By Cinthia Stimson, Douglas Budget Via Wyoming News Exchange


DOUGLAS — David Schultz has had his hands all over former POTUS Bill Clinton’s custom wooden dressers and television console. He’s also had his hands on former Argentinian President Hugo Chavez’s enormous dining room table, and on Muhammad Ali’s dressers.

At face value, it’s an odd trinity of names to tie together, but the commonality between these otherwise unconnected individuals is one man – David.

He custom built the pieces as a solo master woodworker at times and also as part of a team working for custom furniture design houses in Colorado before he moved to Douglas with his family two years ago.

David’s business, Carpenter Woodworking, took up shop in the Chalk Buttes area Nov. 26, 2017.

Working with his hands comes naturally for David. He finds the work cathartic and loves spending hours in his shop behind the house on his various pieces of equipment, working on restoring antiques.

No challenge is too big, no project too small.

He has a mathematical mind – one that practices geometry and trigonometry without giving it a second thought – joining and turning wood joints as easily as his brain turns corners when puzzling how to fit an intricate piece of furniture together.

David and his wife, Jodi, can often be found at area holiday markets with their boys, Jack, 5, and Jadon, 7, selling David’s beautifully-handcrafted home decor.

Craft fairs allow people to see, touch and take home his creations such as decorative shelving, cutting boards, candle holders, seasonal ornaments and other decorations.

David specializes in heirloom-quality furniture which he conceptualizes, then makes by hand. He has books out for shoppers to flip through, full of photographs that depict examples of his work.

His family is a huge help and he couldn’t do it without them, he said.

“My wife Jodi helps with marketing and sales. My oldest son Jadon is turning into quite the salesman, too. My boys are still a bit too little to help much at this point, but I do give them things to sand or paint. They love working in the shop with me,” he said.

David also named his business after his grandparents.

The original Carpenter Furniture Company was his grandfather’s, Francis Carpenter, and his grandmother’s, Eva Carpenter. The store was on S. 5th Street in Grand Junction, Colorado.

“The store was open until 1945, I believe. My mother cried when I told her that I was naming my business, after my grandfather,” he said.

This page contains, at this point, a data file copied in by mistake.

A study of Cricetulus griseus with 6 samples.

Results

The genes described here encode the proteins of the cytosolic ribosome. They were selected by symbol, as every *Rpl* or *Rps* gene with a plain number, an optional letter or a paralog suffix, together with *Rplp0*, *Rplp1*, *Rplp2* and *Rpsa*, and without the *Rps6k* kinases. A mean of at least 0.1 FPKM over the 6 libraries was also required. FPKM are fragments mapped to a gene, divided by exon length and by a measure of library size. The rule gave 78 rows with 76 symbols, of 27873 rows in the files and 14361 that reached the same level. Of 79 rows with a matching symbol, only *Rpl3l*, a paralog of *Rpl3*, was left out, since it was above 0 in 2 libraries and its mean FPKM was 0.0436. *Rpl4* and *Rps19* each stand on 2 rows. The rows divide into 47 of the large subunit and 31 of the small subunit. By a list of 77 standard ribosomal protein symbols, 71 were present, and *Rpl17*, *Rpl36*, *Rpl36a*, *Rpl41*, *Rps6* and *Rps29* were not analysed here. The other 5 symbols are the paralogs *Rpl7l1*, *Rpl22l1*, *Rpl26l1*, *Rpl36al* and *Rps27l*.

His custom-built pieces of furniture are full of interesting stories, tidbits – just enough to whet the appetite – but leaves the mind wondering just what the rest of the story is.

Chavez’s dining table is one of those tales.

“It’s a crazy story. I helped build a giant dining room table that broke down into six smaller tables for (former Venezuelan President) Hugo Chavez for his home in Venezuela, so that he could use it for large dinner parties or (take them apart) and turn the room into a ballroom for dances,” David said.

Some of his other notable jobs have included building a “Hobbit Door” and a conference table made from recycled bowling alley flooring for Google’s campus in Boulder, Colo.

“My predominate styles of woodworking range from rustic to modern. Most of my own designs are modern. The details in finishing and joinery are my specialty, even my rustic furniture has a fine furniture quality to it. I am a stickler for sanding and high quality finishes,” David explained.

Asked why David and his family moved to Douglas, he became thoughtful, considering his answer before replying.

“We’d always wanted to live in a small town. We knew we wanted to live in Wyoming,” he said softly, as his hands gripped an old, antique table leg he was preparing to sand the finish off of.

When David and his wife found their house out in Chalk Buttes, they knew it was just what they needed. It had a horse barn behind it, which David spent nine months converting into his perfect wood shop.

Being new to town, it took awhile for David’s business to catch on, he said. He’s designed custom cabinets for a coffee shop in town and is working on restoring antiques. He’s also got numerous custom orders on the books.

“I started here slowly. Word of mouth has gotten around and it’s been quite busy the last six months or so. I’m getting started on a custom kitchen. I just finished a custom dining room table and chairs. Soon, I hope to start my own line of furniture and move out all over Wyoming,” he said.